The pregnant woman crossed the southern border on her own in September 2017, unaccompanied by relatives, and was taken into custody.
Image: The Supreme Court building in Washington
The Supreme Court building in Washington on Oct. 11, 2017.Drew Angerer / Getty Images

WASHINGTON — The U.S. Supreme Court agreed Monday to toss out a lower court ruling that allowed a 17-year-old woman from Mexico to seek an abortion at an outside medical clinic while she was held in federal custody at a detention facility in Texas.

The Trump administration urged the justices to vacate the ruling, an action that wipes out any value as legal precedent for other pregnant women in custody. The Justice Department also claimed that lawyers for the woman misled the government about when she would get the procedure.

The woman crossed the southern border on her own in September 2017, unaccompanied by relatives, and was taken into custody. After a medical examination revealed that she was pregnant, she sought an abortion. Texas authorities gave her permission, but the Department of Health and Human Services, which runs the detention facility, refused.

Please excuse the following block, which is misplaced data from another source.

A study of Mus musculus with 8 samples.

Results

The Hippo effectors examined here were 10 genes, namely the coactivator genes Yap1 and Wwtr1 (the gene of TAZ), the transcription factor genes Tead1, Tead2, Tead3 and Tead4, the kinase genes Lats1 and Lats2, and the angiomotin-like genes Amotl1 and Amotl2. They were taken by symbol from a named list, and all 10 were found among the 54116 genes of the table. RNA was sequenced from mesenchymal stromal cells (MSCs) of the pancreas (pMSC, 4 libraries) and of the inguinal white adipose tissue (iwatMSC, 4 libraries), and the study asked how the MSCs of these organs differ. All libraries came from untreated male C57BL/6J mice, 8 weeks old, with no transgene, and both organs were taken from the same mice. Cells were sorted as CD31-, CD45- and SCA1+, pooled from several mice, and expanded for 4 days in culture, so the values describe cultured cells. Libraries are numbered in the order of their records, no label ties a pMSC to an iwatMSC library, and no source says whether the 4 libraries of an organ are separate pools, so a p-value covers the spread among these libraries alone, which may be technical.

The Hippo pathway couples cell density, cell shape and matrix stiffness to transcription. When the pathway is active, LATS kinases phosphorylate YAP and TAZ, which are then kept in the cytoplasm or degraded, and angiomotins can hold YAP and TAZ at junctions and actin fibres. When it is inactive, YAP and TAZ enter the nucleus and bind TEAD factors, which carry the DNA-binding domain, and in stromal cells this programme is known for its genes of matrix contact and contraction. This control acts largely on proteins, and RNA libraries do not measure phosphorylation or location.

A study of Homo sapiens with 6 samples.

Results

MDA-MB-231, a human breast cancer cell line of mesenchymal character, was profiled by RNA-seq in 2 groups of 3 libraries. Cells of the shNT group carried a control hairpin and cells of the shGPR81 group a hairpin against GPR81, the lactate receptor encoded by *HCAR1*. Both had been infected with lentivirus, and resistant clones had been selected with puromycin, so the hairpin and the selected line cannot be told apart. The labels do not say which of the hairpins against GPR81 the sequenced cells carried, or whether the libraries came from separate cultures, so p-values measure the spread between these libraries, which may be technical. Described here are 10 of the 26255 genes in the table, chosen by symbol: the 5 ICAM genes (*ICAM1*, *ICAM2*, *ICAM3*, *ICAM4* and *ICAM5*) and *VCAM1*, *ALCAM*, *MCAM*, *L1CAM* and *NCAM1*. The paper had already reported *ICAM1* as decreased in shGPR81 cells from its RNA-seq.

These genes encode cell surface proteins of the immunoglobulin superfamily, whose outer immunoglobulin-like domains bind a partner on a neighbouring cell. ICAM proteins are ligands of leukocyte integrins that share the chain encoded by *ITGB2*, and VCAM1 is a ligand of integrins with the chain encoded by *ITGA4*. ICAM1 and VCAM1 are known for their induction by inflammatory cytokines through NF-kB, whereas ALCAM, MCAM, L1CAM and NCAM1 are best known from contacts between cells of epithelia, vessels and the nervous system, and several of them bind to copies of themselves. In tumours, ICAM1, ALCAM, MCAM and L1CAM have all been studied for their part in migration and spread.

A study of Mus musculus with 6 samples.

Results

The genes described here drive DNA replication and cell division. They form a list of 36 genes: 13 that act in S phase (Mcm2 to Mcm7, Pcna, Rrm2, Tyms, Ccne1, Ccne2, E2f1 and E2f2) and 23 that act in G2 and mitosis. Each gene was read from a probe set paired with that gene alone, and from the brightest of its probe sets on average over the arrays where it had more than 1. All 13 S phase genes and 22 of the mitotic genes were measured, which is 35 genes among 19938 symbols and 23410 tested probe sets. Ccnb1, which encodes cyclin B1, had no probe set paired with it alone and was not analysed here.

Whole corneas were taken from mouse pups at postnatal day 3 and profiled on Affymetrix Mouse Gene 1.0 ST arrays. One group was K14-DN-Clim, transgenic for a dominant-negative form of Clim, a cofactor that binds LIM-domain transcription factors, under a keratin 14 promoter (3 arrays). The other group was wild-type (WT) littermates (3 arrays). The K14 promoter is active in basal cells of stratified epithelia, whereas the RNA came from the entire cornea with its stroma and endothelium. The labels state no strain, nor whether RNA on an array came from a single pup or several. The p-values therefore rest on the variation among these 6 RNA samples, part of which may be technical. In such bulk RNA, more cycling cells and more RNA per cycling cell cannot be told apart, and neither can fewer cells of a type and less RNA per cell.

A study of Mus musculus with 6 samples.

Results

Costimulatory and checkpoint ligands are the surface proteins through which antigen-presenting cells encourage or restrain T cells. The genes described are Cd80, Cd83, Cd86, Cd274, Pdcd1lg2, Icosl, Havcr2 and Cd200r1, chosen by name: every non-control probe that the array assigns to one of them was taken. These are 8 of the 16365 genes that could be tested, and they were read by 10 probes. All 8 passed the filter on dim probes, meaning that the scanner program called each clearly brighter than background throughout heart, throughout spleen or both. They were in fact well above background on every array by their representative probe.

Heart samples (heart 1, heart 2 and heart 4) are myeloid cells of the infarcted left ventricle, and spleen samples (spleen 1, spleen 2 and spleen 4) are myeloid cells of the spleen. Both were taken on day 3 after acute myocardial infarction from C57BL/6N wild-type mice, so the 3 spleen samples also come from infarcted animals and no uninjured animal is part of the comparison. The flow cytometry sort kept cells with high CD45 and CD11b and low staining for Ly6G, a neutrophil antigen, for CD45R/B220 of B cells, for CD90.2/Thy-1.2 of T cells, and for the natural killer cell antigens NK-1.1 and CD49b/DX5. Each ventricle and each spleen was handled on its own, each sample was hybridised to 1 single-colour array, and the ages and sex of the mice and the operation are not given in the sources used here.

With the help of the ACLU and her legal guardian, she sued, and a federal judge in Washington said immigrant women in federal custody have the same right of access to an abortion as U.S. citizens. The judge ordered the government to present her to a clinic for treatment. The federal appeals court in Washington ultimately agreed, issuing its ruling October 24.

Texas law requires a woman to attend a counseling session with her abortion doctor at least 24 hours before the procedure. The woman in the case, identified in court documents only as Jane Doe, attended such a briefing Oct. 19. But the doctor who counseled her did not appear to be available to perform the abortion.

Based on that development, according to the Justice Department, the ACLU told government lawyers the abortion would be performed by a different doctor on Oct. 26, after another counseling session. The government said it planned to ask the Supreme Court early on the 26th to block the abortion.

But it turned out the original doctor became available after all, and Jane Doe received the abortion early on Oct. 25.

"The ACLU misled the United States as to the timing of Jane Doe's abortion," the Justice Department said, "thereby thwarting Supreme Court review." It urged the court to discipline Jane Doe's lawyers.

But David Cole, the ACLU's legal director, said there was no attempt to mislead, even though the Trump administration blocked her from getting constitutionally guaranteed care for a month.

"After the courts cleared the way for her to get her abortion, it was the ACLU's job to see that she wasn't delayed any further, not to give the government another chance to stand in her way," Cole said.

In Monday's order, the court declined to discipline the ACLU lawyers.